Acta Neurochir (Wien) 2019 Jun 13;161(6):1099-1108. Epub 2019 Apr 13.
Department of Neurosurgery, University Hospital Münster, Germany Albert-Schweitzer-Campus 1, Building A1, 48149, Munster, Germany.
Background: 5-Aminolevulinic acid (5-ALA)-guided resection of gliomas in adults enables better differentiation between tumor and normal brain tissue, allowing a higher degree of resection, and improves patient outcomes. In recent years, several reports have emerged regarding the use of 5-ALA in other brain tumor entities, including pediatric brains tumors. Since gross total resection (GTR) of many brain tumors in children is crucial and the role of 5-ALA-guided resection of these tumors is not clear, we sought to perform a comprehensive literature review on this topic.
Methods: A systematic literature review of EMBASE and MEDLINE/PubMed databases revealed 19 eligible publications encompassing 175 5-ALA-guided operations on pediatric brain tumors. To prevent bias, publications were revised independently by two authors.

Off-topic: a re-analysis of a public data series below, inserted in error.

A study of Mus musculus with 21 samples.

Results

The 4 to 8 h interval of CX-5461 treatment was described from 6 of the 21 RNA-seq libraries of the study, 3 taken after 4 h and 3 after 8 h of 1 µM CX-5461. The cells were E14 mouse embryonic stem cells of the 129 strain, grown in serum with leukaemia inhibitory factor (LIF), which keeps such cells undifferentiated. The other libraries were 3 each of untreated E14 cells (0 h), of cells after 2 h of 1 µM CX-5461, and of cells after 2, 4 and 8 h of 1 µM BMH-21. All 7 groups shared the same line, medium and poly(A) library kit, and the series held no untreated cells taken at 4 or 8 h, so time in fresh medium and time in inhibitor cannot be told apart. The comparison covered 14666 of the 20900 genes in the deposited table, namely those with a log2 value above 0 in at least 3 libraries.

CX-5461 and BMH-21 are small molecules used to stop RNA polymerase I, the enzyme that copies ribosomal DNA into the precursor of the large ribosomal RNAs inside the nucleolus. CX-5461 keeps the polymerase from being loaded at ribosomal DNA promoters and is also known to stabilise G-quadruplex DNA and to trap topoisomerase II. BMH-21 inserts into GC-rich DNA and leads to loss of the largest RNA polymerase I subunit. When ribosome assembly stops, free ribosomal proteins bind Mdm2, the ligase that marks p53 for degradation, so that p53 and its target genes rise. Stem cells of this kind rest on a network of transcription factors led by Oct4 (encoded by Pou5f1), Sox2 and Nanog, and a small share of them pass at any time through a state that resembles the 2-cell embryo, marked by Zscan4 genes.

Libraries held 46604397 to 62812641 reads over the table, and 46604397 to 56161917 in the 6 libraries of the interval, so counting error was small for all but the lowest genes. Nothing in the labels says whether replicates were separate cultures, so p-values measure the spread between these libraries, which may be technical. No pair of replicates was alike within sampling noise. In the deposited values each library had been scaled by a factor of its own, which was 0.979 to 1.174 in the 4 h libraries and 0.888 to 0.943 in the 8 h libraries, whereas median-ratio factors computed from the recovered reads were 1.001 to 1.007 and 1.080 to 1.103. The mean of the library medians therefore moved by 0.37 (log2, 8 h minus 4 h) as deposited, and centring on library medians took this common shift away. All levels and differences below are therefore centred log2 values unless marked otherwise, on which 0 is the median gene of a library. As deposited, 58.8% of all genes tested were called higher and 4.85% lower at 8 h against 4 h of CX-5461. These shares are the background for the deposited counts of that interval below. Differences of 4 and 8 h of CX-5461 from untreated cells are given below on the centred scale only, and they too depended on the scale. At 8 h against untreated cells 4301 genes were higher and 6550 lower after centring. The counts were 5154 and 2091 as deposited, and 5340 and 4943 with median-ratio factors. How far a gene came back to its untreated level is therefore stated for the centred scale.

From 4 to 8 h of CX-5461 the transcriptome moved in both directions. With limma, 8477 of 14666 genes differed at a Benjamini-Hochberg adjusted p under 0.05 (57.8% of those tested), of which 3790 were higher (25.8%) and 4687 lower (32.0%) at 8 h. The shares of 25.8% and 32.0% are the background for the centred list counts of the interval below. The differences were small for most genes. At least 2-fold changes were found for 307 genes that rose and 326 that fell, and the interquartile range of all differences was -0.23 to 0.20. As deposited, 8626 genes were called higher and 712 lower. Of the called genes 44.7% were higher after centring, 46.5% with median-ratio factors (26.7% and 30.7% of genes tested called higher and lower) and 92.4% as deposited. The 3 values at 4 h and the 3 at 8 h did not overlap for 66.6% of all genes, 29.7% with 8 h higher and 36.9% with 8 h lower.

Results: We found that 5-ALA-guided resection enabled the surgeons to identify the tumor more easily and was considered helpful mainly in cases of glioblastoma (GBM, 21/27, 78%), anaplastic ependymoma WHO grade III (10/14, 71%), and anaplastic astrocytoma (4/6, 67%). In contrast, cases of pilocytic astrocytomas (PAs) and medulloblastomas 5-ALA-guided surgery did not show consistent fluorescent signals and 5-ALA was considered helpful only in 12% and 22% of cases, respectively. Accumulation of fluorescent porphyrins seems to depend on WHO tumor grading. One important finding is that when 5-ALA-guided resections were considered helpful, the degree of resection was higher than is cases where it was not helpful. The rate of adverse events related to 5-ALA was negligible, especially new postoperative sequelae.
Conclusion: 5-ALA could play a role in resection of pediatric brain tumors. However, further prospective clinical trials are needed.